May 28, 2002
More Short-Range Missile Tests in Pakistan Britain’s Foreign Secretary Jack Straw arrived in Islamabad today for talks on the tension that has pushed India and Pakistan to the brink of war. With the escalating tensions capped off by Pakistan’s latest test of a short-range missile, its third test in four days, and a televised address by Pakistani president General Pervez Musharraf to the Pakistani nation, Musharraf promised Pakistan did not want conflict with India, but would “respond with full might” if attacked by India. Deepa Fernandes reports.
Europe Reacts to Bush Visit
President George W. Bush has just finished a brief tour of Europe, which took him to Germany, Russia, France and Italy. He was well-received in government offices but that was not the case in the streets. Tony Cross reports from Paris.
Peace Marchers in Iraq
In Iraq, a group of more than a dozen Americans has reached the half-way point in a walk for peace across the hot Iraqi desert. Their message to Washington: end the sanctions and no new war against Iraq. Free Speech Radio News correspondent Jeremy Scahill is in the Iraqi desert and he filed this report from the village of Rutba.
Afghan Refugees Harassed in Pakistan
The U.N. High Commissioner for Refugees said today it had registered “a disturbing number” of complaints from Afghan refugees in Pakistan of police harassment, forced evictions and extortion. The refugee agency’s chief spokesman told reporters in Geneva, police in Pakistan arrested more than 400 people and confined others to their homes in Rawalpindi and Islamabad. This as over 2 million refugees in nearby Iran, some have never been to Afghanistan, poised for the possibility of return. The United Nations repatriates about 2,000 Afghans daily from Iran. The rest are wishing and waiting for the Loya Jirga or grand assembly to meet next month in Kabul and choose a representative government they hope will guarantee their security. Fariba Nawa has more from Mashad, Iran.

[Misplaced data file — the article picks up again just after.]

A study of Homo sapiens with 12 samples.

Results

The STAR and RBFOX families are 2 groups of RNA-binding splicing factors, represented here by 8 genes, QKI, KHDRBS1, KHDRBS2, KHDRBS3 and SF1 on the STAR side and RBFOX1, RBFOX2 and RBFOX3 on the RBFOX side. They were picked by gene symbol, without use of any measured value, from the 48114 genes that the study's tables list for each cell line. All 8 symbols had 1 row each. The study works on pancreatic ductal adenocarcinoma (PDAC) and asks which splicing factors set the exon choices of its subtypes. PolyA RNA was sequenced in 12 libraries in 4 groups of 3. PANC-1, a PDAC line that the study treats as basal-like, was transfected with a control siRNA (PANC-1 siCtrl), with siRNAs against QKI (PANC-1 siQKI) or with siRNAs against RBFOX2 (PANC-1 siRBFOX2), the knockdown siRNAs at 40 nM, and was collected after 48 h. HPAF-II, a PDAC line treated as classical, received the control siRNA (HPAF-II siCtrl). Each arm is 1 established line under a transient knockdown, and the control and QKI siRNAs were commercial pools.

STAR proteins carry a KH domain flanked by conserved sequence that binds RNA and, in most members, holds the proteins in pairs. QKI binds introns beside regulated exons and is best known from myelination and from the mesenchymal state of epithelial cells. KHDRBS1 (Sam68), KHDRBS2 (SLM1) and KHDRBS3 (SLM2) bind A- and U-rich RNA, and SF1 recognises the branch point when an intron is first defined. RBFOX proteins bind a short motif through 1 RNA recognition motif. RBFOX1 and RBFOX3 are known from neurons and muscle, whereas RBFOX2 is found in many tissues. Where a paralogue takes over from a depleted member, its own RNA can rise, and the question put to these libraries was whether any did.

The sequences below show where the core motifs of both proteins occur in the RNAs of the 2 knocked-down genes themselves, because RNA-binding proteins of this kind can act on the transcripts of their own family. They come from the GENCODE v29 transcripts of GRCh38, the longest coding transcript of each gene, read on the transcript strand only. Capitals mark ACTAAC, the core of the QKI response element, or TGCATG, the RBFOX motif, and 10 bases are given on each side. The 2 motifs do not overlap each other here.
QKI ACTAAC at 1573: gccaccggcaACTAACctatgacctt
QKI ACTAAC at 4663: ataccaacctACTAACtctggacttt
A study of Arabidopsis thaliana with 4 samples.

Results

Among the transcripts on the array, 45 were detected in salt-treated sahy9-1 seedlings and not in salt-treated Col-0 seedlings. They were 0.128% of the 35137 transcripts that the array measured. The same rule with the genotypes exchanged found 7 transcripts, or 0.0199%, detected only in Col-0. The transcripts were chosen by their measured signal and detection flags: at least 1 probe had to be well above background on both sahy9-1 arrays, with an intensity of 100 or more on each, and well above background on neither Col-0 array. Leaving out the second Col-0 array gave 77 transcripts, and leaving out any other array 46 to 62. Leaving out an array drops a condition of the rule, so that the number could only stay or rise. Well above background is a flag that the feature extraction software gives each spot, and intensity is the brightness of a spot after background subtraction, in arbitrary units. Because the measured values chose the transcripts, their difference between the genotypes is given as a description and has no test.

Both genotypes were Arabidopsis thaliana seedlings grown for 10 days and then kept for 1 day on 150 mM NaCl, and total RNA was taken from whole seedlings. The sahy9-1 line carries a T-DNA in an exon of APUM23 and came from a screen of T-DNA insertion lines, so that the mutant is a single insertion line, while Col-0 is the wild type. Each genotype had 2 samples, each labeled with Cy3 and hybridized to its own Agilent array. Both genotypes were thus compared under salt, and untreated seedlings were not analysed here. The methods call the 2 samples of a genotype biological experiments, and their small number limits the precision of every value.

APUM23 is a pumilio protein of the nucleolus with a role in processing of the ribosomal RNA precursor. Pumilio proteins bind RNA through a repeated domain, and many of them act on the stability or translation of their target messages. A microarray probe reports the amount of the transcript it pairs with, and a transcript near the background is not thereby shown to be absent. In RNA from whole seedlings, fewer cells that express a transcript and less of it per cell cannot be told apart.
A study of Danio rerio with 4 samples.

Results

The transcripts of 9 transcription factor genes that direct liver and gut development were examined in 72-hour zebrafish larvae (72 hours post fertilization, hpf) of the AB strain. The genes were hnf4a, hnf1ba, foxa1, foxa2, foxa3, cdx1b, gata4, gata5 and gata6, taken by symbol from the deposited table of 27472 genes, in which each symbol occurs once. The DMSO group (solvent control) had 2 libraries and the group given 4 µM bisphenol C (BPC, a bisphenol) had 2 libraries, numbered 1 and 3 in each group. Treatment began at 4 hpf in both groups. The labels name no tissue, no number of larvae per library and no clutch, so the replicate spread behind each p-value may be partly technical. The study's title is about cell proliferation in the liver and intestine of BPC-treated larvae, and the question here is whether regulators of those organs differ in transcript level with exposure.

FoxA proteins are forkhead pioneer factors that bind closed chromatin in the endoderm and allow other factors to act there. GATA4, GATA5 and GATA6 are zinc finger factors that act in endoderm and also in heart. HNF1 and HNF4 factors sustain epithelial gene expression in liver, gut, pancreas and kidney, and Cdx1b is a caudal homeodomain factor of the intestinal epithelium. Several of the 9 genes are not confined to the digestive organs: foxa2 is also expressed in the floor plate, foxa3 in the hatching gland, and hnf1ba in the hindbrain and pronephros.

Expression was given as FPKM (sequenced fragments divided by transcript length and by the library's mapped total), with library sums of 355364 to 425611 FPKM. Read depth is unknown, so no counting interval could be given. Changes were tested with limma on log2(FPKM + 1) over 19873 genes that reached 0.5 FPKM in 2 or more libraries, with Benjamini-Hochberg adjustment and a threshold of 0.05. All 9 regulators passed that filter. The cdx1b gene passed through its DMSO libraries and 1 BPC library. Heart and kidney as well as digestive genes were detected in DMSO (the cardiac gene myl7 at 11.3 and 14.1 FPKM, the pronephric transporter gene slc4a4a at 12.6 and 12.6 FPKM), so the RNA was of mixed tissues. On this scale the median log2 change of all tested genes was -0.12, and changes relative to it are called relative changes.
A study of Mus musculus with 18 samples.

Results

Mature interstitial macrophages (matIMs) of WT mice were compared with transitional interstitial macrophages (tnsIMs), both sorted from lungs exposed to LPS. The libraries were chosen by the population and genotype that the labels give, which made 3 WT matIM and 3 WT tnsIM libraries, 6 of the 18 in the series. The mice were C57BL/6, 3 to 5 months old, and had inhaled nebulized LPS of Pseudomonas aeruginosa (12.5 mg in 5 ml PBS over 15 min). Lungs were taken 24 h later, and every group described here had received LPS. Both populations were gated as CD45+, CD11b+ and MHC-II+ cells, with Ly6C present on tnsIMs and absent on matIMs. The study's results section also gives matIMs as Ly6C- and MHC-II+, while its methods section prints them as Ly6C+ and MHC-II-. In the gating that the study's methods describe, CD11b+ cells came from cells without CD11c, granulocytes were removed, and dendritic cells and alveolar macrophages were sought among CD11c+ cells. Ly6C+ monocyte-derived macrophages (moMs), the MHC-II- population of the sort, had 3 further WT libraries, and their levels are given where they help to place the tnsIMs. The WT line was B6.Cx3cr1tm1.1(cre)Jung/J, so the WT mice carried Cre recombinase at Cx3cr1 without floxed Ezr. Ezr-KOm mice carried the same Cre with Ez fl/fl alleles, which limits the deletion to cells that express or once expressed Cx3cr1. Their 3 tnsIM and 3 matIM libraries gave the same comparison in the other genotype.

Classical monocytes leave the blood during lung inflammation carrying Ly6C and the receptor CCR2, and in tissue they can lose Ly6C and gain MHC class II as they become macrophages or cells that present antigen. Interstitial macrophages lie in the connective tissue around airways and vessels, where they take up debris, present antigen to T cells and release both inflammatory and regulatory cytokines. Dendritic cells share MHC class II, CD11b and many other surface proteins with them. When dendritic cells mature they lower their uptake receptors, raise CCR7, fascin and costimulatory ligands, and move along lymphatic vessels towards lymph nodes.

Amnesty International Gives the U.S. Failing Human Rights Grade Post 9/11
Amnesty International released its annual report on the state of human rights around the world today. The report is especially critical of the United States. In its survey of a hundred and fifty two countries, the world’s largest grassroots human rights organization says many countries are showing improvement, but the United States has failed the test of human rights leadership in the aftermath of the September attacks. Joshua Chaffin reports from Washington.